Dear Dr Louise: When I was diagnosed HIV-positive in 1993, I never thought I would live to be an old man. Yet here I am! However, I understand heart disease is a problem for people with HIV as they age. Am I at risk? — Brian, Wagga Wagga.
Dear Brian: Thank you for your query. Heart disease is indeed a bigger risk for people with HIV than the general population. Now that people living with HIV (PLHIV) are living longer, the goal of healthcare providers is to encourage PLHIV to stay healthy as they age and adopt a holistic approach to living longer with HIV. Untreated HIV has been associated with heart disease and it is recommended that people with HIV commence treatment earlier to reduce overall cardiovascular risk.
There are a number of immediate lifestyle changes you can adopt to improve heart health. Firstly, if you smoke, stop. New research suggests that cigarette smokers who are HIV-positive appear to have a higher chance of dying from smoking-related complications (such as heart disease and stroke) than from HIV. Indeed, tobacco is the leading killer among positive smokers on antiretroviral treatment.
Second, exercise — particularly cardio exercise such as running, swimming and cycling. Ideally, you need to be moving fast enough to increase your heart rate. Strength training is also good for the heart; try yoga or weights. Aim for at least 30 minutes of moderate-intensity activity five days a week. Stress can increase blood pressure and raise stress hormones, if you’re feeling under mental pressure consider meditation or mindfulness exercises.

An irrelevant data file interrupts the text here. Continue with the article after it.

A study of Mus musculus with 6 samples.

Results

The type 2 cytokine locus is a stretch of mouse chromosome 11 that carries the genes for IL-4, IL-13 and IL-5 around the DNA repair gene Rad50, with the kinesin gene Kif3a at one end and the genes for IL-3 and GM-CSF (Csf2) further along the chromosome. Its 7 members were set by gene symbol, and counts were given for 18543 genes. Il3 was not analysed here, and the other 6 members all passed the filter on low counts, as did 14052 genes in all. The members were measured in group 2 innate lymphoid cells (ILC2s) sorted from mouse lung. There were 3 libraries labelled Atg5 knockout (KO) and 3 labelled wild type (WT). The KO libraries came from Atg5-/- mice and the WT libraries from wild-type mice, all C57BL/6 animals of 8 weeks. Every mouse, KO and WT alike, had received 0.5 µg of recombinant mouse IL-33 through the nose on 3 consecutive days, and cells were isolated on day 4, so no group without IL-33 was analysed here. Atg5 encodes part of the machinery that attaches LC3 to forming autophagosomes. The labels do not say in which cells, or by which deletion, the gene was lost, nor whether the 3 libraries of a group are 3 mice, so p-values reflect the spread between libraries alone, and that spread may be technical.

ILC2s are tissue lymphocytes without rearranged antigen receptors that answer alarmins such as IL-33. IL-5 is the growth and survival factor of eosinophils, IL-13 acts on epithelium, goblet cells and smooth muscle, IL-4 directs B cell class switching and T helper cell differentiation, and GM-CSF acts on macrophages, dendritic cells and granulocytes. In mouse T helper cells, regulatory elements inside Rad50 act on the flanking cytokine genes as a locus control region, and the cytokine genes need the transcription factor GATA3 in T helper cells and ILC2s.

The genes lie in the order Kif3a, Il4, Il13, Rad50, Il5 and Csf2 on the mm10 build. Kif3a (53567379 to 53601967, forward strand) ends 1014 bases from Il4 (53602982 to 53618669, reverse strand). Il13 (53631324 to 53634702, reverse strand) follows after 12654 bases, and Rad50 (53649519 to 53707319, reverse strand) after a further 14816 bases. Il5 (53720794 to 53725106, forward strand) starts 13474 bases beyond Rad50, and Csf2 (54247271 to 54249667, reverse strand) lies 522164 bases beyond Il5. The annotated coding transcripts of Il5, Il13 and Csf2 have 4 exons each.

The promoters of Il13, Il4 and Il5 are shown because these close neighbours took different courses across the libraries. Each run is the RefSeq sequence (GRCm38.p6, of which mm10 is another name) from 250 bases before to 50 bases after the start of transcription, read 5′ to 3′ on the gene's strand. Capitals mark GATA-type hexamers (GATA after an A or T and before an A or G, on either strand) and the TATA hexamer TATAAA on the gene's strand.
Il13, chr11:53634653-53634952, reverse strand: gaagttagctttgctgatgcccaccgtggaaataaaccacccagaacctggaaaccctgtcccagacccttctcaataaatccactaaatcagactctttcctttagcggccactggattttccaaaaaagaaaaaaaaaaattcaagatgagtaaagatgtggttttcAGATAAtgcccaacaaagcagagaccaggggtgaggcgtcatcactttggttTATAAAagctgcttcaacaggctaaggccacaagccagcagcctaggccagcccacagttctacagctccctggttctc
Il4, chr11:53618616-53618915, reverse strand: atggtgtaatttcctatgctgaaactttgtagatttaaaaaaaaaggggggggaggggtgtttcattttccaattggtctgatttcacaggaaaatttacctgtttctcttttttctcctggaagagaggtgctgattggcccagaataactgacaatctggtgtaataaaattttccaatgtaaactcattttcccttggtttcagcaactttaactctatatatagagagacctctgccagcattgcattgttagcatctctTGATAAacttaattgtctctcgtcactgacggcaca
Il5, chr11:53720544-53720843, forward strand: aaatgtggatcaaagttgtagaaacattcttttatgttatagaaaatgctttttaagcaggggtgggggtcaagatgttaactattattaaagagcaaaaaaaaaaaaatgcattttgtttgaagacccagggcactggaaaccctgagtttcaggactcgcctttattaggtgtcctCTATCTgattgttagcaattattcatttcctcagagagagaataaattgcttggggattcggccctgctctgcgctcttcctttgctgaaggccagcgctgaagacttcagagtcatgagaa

Next up is diet. Eat a variety of fruits and vegetables — the wider the colour spectrum the better. A common risk factor for heart disease is having unhealthy levels of blood fats — lipids, such as cholesterol and triglycerides. Eat plant-based fats (such as nuts) as opposed to animal fats (butter, cheese etc). Reducing the intake of process food is advisable as they often contain hidden sugar and salt. Eating healthy and exercising regularly will help control your blood pressure.
However, there are some risk factors you can’t control such as gender and age (men are generally at higher risk of heart disease than women — and from an earlier age). There is also a genetic risk. If there is a history of heart disease in your family, the more likely you will be at risk too.
To recap, many factors contribute to heart disease — some more serious than others. Smoking substantially raises the risk of heart disease. Piling on the pounds also might increase the risk. But the good news is with behavioural changes, alongside regular monitoring, the risk of heart disease can be substantially lowered.
- Dr Louise Owen has been working as a sexual health physician in the HIV sector for 21 years. Previously a director of the Victorian AIDS Council's centre clinic in Melbourne, Dr Louise is currently the director of the Sexual Health Service Tasmania. Her advice is not meant to replace or refute that given by your own health practioner, who is best placed to deal with your individual medical circumstances.